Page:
The Philadelphia School District must slash spending immediately, with painful central office and classroom cuts likely for next school year, officials told members of City Council at a Thursday afternoon briefing.
To combat a shortfall of roughly $40 million for the current school year, there will be immediate freezes in hiring and discretionary spending. Top officials, including Superintendent Arlene Ackerman, will take between six and 10 days of unpaid leave, according to people who attended the meeting.
The district's budget totals $3.2 billion.
An Inquirer reporter attempted to attend the briefing, but was asked to leave by a Council staffer, who said district officials did not want the press present.
A school district source put the total gap for this year at $36 million and the gap for next year at about $490 million.
Another round of cuts for the 2011-12 budget year will mean increased class size, those present said, plus a 30 percent reduction in the central office budget, school closings or consolidations, a reduction in common planning time for teachers, no money for new textbooks, and layoff notices for teachers with less than three years seniority in the district and other workers - though layoffs themselves aren't certain.
District officials told those present at the briefing that those cuts would be necessary due to the loss of federal stimulus funding and the possible impact of school vouchers and a lawsuit that could remove caps on charter school enrollment.
Further cuts would be necessary if state funding decreased, a move many think is likely with a Republican governor and a legislature that has made it clear it thinks Philadelphia schools have received too much money in the past.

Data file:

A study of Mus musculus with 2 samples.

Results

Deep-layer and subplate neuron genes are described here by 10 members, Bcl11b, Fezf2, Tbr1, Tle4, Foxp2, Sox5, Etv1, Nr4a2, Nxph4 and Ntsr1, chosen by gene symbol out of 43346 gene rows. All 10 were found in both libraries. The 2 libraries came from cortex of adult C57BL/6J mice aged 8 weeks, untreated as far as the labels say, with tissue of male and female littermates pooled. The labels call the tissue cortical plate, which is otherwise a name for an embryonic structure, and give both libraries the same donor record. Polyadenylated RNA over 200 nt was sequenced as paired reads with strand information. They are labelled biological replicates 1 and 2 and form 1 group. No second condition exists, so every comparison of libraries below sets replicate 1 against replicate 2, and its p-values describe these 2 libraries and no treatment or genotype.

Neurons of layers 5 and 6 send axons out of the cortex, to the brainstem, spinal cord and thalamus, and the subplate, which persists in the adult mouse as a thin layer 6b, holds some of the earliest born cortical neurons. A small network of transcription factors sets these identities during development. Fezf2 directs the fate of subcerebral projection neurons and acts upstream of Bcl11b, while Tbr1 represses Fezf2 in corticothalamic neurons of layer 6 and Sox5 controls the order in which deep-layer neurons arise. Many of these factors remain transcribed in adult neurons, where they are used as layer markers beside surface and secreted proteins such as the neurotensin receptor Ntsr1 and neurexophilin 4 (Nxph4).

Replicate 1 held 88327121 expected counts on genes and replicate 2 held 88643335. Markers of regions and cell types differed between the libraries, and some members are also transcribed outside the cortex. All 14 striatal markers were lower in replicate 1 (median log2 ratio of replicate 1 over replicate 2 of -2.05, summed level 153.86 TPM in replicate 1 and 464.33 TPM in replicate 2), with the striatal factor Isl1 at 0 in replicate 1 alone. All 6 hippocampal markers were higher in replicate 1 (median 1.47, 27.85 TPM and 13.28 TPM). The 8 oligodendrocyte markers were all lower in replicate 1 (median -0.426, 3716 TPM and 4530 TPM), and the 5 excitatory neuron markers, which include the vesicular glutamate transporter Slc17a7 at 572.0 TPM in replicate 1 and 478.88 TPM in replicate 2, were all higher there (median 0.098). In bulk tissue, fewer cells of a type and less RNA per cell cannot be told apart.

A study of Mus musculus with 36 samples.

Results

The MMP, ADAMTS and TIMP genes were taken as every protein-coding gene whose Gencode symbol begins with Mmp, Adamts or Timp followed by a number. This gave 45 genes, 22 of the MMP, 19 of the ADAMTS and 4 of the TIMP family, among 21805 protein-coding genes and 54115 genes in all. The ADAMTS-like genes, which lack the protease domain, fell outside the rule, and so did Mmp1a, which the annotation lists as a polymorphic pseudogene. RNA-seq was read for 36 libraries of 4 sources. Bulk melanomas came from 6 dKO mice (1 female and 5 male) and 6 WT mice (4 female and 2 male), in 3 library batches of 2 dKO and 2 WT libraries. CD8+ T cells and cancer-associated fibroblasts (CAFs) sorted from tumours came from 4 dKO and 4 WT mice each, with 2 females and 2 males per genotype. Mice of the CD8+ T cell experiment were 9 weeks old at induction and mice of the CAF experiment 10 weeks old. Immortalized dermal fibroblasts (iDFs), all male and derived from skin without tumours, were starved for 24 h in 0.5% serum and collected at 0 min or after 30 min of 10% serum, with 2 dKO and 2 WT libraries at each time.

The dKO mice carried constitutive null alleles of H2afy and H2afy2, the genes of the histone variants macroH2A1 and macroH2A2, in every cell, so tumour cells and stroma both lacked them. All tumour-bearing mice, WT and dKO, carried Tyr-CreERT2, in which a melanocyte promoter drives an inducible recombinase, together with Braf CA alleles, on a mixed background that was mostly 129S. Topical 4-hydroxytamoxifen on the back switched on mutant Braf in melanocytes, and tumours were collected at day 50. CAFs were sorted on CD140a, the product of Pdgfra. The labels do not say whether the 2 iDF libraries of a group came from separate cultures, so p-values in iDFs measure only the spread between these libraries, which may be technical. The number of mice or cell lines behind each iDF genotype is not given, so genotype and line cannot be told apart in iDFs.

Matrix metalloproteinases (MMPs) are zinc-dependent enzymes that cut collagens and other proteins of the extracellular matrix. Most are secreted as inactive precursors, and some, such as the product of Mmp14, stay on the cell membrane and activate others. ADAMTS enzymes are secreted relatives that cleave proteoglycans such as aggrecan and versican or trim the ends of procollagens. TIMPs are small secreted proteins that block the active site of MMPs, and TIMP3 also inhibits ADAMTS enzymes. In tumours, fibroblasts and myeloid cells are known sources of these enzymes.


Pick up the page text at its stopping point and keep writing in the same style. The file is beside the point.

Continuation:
Those cuts would mean an additional 20 percent reduction in central office budget; more unpaid leaves; cuts to athletics, art and music; and less money for student transportation.
Ackerman warned officials at the briefing that if the district moves backward, the city will, too.
Councilman Bill Green, who last year criticized the district for relying on federal stimulus money to fund recurring costs, reiterated that theme.
"The only people who didn't see this coming was the school district," said Green, who attended the meeting.
Still, Green said, the district's plan appears to be one that minimizes impact to the classroom as much as possible.
And, Green said, "I'm hopeful that we can help them stave off cuts as much as possible through our state and federal advocacy."
Ackerman, Deputy Superintendent Leroy Nunery and Chief Financial Officer Michael Masch are scheduled to hold a press conference on the budget at 4 p.m.